This just in, naming yourself after a well-known local landmark may be a cheatcode for getting people to check out your experimental electronic project. You’d have to ask Buffalo-Brooklyn ambient duo, the niagara river if that’s a legit strategy. The two musicians, James Lotterer (Auxcab, Cylo) and Jesse James (Jesse & the Spirit, Dolly Sods) share the name James, as well as an aptitude for creating standout, off-beat electronic music, both in different capacities. Check out our review for Jesse & the Spirit, to get to know the related project’s sound.

The niagara river’s recent release, complain to the creators, is a two-song EP that starts with the sprawling, over 17-minute track, “did she exist?” In the first part, a chiming sound that sounds like a reversed piano note acts as the track’s foundation. A cycling key melody and contemplative bell-like synth part creep overtop. At the three-minute mark, a foggy ambient synth layer floats within the intricacies. It’s a dramatic transition point into fluidity, making it feel like the song’s stable foundation is drifting off into oblivion. Later on, a bassy synth line plucks away with a rubbery sound, taking over as the track’s foundation while airy synths continue to swirl around the listener’s head. The song excels in this constant cycle of wispy melodies, each entertaining for a portion of the track before fading into the niagara river’s musical ether. The longing nine-minute mark introduces the song’s first use of percussion, a spare boomy pixelated bass drum. In the track’s final moments the reverse piano effect brings things full circle.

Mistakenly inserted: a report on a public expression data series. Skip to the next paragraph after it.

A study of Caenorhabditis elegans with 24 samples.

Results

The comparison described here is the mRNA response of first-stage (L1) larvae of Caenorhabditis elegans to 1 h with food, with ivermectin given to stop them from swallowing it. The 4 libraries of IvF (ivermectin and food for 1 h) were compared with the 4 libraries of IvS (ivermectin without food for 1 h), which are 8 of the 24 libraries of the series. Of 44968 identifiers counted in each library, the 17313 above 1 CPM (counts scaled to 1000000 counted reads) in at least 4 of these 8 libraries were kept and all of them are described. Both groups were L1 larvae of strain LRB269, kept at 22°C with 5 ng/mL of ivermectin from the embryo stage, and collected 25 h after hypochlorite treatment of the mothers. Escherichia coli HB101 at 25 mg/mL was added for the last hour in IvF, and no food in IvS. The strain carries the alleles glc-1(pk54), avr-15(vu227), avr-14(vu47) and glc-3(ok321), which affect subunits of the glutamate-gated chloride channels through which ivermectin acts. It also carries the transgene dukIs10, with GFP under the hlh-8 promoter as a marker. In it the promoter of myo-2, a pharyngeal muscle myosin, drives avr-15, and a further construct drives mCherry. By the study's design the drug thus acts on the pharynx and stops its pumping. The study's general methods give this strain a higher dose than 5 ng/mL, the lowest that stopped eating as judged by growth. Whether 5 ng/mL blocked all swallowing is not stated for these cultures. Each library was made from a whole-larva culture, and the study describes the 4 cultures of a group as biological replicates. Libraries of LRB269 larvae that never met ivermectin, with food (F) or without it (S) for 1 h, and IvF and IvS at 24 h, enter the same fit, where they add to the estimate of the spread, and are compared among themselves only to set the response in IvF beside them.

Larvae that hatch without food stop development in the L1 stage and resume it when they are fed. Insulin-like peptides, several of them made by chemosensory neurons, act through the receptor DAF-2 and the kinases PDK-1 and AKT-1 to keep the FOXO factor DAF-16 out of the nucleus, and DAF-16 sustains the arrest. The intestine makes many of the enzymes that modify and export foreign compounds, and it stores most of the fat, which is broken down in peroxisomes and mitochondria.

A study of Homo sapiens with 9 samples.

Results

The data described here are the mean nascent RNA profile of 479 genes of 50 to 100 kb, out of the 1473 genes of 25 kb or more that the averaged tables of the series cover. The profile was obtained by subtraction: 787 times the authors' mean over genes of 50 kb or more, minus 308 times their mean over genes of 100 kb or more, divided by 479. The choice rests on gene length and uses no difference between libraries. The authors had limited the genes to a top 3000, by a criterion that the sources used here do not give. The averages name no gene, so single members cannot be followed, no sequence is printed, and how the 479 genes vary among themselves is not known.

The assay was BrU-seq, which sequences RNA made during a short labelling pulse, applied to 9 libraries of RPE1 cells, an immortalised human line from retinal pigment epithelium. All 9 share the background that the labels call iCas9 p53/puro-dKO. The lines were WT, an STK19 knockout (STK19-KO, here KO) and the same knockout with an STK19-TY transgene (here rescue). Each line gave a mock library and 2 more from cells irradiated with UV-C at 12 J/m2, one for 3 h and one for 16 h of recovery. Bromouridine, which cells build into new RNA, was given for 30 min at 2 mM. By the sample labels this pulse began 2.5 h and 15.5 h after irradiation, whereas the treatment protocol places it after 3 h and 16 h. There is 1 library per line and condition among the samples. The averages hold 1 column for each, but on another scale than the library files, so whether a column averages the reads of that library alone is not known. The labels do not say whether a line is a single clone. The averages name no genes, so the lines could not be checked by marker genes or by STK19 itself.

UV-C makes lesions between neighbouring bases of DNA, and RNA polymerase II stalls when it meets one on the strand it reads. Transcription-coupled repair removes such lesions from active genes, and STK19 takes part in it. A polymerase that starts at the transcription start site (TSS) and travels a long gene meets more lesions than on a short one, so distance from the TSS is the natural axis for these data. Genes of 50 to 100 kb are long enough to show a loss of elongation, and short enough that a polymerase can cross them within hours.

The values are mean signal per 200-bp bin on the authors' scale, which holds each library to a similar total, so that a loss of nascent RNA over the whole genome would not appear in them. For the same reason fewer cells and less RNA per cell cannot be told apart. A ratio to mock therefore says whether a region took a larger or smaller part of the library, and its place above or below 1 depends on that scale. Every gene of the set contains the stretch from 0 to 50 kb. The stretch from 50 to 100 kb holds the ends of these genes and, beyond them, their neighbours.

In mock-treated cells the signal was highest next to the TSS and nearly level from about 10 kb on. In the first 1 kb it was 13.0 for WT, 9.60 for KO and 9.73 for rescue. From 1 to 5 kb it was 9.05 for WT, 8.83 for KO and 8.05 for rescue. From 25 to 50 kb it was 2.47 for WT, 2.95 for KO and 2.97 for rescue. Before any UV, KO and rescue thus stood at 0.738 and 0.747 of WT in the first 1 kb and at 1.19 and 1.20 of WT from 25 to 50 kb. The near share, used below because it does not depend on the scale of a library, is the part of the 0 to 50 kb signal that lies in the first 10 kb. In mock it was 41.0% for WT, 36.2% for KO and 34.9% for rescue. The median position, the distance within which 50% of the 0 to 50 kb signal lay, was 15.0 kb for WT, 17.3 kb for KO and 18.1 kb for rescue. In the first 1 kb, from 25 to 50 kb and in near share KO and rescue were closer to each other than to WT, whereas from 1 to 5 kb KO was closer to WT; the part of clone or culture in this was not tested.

It’s a transportive song that makes time fly despite its long runtime. One might find themselves emerging from the track full of emotion, both surprised it’s already over and gasping for fresh air like a new sense of reality just hit them. 

The following track, “im sure you wouldn’t” features icy synth tones, whirring distorted effects and a dark bass line that crawls in the background. The different sounds combine for an echoey ambient atmosphere. In comparison to the first track, this song’s fast-moving composition blows through its listeners like a strong wind howling through a cavern. With their second prosperous collaboration under their belt, this duo continues to make some of the best electronic music on either side of the river they’re named after.

Start and end all your days this week with this meditative release on Bandcamp (below), Spotify, or Apple Music.

Also, check out our recent interview with the niagara river in which they respond to questions about complain to the creators.